You may say this is true of any foreign country but I beg to differ. (boy, oh boy do I beg to differ) Way back when I was an exchange student in Thailand. As you may know from personal experience, Thailand is easy to love. The food is world-famous, the people are polite, everything is cheap and beautiful and exotic. They have orchids on every table for god's sake. I spent a half-day being homesick and the rest of my exchange falling hopelessly in love with Thailand and Southeast Asia generally.
Nigeria is a different beast. This is not to say that I don't love Nigeria, but it's an attitude that requires a conscious effort every day. If you aren't careful you just see the negatives - the city is dirty, the traffic is atrocious, the people are aggressive, everything is expensive, the work is grueling and yes - we don't get out
More so than in many places, you have to dig deep to see the beauty - but like any place, it is there. I love the palm trees and the fresh fruit, I love that it's summer every day, I love highlife music and West African fabric, I love the elderly couples in matching local outfits and the babies strapped to their mothers' backs, I love my community and the life I've built here. I love that Lagos has made me tougher and braver and opened my eyes in so many ways.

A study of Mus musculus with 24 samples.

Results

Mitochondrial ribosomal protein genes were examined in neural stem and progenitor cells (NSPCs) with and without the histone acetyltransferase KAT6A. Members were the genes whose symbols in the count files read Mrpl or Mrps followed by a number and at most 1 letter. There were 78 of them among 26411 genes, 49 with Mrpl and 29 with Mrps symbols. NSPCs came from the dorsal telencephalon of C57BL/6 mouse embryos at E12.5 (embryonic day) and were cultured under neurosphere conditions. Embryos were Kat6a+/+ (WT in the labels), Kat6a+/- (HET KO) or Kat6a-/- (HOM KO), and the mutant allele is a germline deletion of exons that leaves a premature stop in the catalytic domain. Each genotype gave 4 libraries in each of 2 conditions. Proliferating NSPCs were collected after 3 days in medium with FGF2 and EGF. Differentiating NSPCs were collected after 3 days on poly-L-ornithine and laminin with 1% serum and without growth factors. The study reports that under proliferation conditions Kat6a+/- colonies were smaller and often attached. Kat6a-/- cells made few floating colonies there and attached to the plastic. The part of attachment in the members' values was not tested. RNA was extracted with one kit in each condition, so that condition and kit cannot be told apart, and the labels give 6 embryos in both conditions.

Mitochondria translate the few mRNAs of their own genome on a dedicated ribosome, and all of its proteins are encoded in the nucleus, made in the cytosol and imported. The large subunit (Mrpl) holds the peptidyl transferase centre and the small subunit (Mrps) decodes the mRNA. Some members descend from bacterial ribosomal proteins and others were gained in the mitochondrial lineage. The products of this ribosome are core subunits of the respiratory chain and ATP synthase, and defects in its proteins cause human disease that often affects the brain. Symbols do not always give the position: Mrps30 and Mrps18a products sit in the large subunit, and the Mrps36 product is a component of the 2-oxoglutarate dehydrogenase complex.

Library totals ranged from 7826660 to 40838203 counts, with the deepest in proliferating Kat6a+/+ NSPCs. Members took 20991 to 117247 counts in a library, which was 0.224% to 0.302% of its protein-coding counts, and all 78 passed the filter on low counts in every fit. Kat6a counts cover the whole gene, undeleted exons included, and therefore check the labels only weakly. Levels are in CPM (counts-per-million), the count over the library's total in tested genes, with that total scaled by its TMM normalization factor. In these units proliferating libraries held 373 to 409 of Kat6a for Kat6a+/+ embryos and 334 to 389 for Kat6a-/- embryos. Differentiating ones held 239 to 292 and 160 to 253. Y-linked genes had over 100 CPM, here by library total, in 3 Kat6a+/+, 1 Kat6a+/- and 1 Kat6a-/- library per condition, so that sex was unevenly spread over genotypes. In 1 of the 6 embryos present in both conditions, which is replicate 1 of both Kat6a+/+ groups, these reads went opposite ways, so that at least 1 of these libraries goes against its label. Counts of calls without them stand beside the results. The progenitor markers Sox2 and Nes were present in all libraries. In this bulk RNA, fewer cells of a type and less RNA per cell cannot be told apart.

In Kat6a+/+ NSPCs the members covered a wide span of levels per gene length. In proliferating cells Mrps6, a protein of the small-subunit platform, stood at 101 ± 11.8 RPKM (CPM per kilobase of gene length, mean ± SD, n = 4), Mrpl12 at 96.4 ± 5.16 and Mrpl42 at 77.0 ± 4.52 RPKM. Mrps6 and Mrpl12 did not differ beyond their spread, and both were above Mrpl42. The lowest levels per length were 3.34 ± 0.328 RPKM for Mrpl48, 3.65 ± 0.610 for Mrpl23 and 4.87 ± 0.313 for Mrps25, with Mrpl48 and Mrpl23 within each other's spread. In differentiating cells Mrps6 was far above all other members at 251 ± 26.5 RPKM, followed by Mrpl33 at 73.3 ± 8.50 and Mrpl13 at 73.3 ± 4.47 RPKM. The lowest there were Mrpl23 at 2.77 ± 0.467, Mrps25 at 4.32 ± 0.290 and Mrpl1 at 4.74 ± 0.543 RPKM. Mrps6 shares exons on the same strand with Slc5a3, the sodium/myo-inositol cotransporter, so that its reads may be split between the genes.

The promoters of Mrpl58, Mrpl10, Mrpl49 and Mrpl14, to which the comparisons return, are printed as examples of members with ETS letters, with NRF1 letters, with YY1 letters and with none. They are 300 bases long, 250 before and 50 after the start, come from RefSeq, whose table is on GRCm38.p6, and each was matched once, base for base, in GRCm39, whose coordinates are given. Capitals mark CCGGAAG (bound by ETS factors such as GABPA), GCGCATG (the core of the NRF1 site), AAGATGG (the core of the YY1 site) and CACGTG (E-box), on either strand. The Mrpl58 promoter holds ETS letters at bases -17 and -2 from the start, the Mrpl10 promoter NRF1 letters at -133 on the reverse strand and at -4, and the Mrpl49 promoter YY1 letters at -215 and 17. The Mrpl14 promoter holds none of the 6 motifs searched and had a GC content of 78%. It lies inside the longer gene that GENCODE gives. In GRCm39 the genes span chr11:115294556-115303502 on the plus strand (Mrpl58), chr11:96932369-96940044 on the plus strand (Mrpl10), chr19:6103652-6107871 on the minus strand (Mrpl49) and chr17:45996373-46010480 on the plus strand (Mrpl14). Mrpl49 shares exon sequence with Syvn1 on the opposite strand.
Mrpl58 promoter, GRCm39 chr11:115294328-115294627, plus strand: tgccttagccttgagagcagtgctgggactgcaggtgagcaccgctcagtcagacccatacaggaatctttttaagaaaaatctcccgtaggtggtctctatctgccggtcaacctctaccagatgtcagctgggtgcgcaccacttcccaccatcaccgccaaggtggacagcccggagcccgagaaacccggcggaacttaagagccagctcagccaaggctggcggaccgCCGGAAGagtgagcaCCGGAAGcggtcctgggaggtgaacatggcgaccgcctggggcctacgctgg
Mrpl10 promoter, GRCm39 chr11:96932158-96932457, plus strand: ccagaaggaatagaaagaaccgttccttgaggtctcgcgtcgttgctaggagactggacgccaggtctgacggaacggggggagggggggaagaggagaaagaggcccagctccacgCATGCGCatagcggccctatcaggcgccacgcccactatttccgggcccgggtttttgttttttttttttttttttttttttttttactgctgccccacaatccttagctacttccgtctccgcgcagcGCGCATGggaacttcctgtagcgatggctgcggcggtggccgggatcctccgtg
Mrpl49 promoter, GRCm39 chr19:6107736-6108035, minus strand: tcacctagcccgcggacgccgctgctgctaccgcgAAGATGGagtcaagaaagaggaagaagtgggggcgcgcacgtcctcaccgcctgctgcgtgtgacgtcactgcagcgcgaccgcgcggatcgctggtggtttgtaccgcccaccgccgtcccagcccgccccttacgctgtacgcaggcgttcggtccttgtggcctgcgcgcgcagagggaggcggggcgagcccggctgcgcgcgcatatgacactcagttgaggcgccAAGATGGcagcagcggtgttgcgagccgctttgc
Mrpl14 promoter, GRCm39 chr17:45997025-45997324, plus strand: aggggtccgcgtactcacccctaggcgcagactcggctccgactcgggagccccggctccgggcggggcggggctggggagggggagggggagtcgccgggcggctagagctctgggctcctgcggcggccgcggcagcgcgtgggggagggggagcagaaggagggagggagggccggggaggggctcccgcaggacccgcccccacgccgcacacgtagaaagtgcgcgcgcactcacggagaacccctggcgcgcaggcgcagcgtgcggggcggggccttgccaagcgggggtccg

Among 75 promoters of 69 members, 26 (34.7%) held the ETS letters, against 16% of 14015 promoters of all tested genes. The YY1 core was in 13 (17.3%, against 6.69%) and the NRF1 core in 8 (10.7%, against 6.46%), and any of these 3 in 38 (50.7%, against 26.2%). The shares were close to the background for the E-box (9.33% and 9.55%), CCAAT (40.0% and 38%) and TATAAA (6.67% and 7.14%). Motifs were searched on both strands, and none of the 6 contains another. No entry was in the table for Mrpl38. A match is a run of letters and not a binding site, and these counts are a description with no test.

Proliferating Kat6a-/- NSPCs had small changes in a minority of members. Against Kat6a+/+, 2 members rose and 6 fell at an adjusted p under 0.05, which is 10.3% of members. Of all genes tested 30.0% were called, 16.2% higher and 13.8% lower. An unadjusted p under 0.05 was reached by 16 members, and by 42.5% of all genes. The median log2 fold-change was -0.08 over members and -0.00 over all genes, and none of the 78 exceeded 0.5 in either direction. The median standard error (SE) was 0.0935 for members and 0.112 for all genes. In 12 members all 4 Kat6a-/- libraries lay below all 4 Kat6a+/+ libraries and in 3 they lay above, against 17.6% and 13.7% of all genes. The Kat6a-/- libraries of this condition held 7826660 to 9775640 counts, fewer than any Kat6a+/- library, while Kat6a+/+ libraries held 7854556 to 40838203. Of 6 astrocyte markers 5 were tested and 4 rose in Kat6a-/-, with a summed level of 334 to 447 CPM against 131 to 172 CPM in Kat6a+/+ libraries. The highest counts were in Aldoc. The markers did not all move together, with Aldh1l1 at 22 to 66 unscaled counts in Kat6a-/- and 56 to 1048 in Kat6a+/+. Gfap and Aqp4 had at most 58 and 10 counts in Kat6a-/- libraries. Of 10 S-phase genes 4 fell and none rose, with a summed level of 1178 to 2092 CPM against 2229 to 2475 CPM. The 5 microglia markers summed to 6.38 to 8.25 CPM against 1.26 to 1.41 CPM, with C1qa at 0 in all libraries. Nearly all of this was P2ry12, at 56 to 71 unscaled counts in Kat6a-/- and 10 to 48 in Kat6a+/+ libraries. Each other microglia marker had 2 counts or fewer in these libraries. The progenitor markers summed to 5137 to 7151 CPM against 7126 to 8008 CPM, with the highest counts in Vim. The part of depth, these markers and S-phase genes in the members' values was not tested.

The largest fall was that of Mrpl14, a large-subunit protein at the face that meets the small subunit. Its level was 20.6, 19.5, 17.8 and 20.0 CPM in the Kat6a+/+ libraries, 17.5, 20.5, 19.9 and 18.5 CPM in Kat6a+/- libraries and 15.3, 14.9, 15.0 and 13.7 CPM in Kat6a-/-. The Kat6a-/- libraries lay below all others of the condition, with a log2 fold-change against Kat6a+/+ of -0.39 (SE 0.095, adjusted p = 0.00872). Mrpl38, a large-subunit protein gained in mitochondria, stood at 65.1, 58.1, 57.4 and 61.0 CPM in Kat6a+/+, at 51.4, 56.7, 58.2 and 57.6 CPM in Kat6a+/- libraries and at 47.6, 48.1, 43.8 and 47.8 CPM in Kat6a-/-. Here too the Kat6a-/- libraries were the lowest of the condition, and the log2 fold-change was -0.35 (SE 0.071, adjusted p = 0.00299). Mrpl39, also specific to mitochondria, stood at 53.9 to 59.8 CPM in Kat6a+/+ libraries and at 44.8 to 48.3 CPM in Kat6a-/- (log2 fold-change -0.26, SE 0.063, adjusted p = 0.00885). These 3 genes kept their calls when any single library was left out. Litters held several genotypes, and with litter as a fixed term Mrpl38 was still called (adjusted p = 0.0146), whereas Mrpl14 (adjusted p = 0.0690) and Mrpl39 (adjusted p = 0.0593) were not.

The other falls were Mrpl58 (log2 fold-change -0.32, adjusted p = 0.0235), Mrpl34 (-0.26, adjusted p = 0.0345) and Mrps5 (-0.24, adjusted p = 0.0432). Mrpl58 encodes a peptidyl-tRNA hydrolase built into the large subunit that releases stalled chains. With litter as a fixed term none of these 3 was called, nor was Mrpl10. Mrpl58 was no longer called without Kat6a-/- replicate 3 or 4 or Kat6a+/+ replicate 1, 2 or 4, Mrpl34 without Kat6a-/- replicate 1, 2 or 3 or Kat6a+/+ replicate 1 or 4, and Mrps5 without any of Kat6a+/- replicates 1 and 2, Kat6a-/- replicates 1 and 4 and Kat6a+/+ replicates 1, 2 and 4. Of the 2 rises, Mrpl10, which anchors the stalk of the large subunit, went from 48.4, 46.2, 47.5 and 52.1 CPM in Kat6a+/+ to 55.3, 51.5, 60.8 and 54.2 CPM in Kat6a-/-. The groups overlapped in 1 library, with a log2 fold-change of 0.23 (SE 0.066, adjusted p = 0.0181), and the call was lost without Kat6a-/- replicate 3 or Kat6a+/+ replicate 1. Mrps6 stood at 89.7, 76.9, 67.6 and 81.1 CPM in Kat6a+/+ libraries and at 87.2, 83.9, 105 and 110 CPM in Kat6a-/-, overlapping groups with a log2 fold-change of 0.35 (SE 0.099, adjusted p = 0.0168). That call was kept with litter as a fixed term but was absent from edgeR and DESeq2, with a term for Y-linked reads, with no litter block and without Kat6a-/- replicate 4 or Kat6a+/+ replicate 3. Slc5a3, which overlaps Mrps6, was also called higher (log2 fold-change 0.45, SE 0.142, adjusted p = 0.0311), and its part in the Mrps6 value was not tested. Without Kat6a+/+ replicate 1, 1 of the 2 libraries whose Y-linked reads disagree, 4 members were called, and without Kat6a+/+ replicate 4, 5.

But there's one form of love that has come pretty slowly (and I finally am getting back to the point of the blog prompt in case you're wondering). I've been slow to warm up to Nigerian food.
I eat suya of course, but that hardly counts. Meat on a stick is pretty universal. And I eat fish/goat pepper soup. I guess that's pretty legit. But most Nigerian foods make me just a little nervous.
This weekend a friend invited me out to give Nigerian food another try. We went to a good place, popular with expats and Nigerians and ordered something that definitely pushed my food boundaries about a mile: Efo Riro.
Let me just include the ingredient list for Efo Riro to add a bit of perspective to the discussion.
- Fresh vegetable leaves (water leaves, spinach or fluted pumpkin)
- Stock fish head
- Fresh pepper
- Ground Crayfish (about 1 cup)
- Iru (locust bean)
- Dried fish (two to three medium sizes)
- Palm oil
- Snails (washed with lemon juice/alum)
- Smoked fish (1 medium sized)
- 2 knorr cubes
But I took a deep breath and a small bite and it wasn't so bad. In fact I actually enjoyed it a bit. The ultimate proof of success?
I took home leftovers (on the right, it's the green stuff).
So there it is. I found something to love yesterday, and something today, and I'll find something tomorrow too. Here's to Efo Riro and finding the courage to love even the tough places.